The NTFS access control lists are enforced by Windows. If a user can access the partition from outside Windows (for example by using a different operating system) then there are no guarantees of enforcement.
If you have files which must be protected, then use NTFS’s encryption features.
Unless you encrypt the files then the disk will be always fully readable. And yes it’s completely normal.
Think of it this way. The superuser (administrator) always has full access to anything (and if he doesn’t, he can gain the access). On your MacOS, you are the superuser, therefore if you don’t forbid yourself access to the files you will be able to access them. Now if you would want to limit access for other users, you can of course do that (but that’s something that has to be configured in MacOS not the Windows partition).
Filesystems are really only (potentially) secure when they’re accessed over a network, so that there’s no option for raw disk access.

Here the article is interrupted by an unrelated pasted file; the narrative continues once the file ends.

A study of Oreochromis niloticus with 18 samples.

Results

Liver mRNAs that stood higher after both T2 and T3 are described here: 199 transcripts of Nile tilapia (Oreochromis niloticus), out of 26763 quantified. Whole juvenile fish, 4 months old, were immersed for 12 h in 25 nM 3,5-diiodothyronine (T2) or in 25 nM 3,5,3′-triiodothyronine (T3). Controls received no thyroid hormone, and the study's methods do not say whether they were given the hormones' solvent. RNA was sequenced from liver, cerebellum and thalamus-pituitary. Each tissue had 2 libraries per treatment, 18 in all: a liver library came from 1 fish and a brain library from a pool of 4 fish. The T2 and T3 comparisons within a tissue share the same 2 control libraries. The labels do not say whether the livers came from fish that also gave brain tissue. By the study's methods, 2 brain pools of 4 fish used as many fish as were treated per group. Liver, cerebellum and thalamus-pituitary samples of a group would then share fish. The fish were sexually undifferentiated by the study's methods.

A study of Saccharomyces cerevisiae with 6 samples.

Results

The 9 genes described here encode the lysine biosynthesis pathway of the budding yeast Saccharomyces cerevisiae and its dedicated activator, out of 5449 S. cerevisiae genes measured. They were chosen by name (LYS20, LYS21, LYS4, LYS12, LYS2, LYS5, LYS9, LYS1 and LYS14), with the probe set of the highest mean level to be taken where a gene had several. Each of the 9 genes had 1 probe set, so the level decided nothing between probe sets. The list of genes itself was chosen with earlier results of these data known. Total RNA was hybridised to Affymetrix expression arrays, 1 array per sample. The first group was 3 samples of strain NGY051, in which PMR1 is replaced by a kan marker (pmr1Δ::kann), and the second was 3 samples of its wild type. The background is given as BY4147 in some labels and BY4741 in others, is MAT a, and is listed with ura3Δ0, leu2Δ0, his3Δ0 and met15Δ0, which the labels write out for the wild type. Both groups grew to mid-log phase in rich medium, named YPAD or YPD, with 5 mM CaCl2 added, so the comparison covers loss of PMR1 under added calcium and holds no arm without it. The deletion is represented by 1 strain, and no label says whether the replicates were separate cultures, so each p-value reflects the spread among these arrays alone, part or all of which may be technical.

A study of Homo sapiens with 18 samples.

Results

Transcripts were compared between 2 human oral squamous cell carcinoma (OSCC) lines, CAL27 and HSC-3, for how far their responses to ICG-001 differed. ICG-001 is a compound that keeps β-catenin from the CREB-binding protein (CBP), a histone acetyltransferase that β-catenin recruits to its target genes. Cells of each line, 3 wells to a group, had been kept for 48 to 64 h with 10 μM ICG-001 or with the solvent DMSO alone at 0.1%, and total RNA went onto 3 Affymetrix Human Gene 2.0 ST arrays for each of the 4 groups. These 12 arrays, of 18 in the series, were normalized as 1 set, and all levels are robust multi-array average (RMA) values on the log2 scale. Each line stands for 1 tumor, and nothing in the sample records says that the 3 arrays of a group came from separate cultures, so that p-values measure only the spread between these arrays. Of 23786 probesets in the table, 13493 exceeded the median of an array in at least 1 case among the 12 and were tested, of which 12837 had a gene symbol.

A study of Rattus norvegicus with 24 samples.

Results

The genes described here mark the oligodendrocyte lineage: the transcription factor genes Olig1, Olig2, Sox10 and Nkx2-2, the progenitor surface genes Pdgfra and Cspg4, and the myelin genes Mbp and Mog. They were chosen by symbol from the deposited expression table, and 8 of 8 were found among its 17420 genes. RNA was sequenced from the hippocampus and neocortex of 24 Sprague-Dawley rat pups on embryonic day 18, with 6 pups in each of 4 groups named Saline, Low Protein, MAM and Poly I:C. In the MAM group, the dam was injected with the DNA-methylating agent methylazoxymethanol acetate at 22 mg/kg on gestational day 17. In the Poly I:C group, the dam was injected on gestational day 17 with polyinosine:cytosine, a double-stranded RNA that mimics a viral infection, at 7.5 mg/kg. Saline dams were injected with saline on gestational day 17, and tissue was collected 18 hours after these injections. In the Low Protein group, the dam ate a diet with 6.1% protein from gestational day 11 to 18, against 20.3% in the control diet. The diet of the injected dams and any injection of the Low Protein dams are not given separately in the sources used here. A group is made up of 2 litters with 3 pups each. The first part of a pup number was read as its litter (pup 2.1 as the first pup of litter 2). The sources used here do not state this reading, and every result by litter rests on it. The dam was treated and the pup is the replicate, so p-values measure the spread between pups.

There are a number of ways filesystem security can be bypassed, as you witnessed yourself with the dual-booting. With MacOS or Linux accessing a NTFS disk, this actually happens because the security specs of NTFS weren’t implemented when the driver was written, rather than because of any attempt to bypass it.
Even with filesystem encryption in place, a suitably motivated hacker with physical access to a machine can break security, either by infecting the OS to log passwords, or by bugging a keyboard. Even biometric security isn’t a full guarantee – for example, capture raw signals from a fingerprint reader, then play it back later.
Data can never be kept 100% secure if it is to be accessible at some point.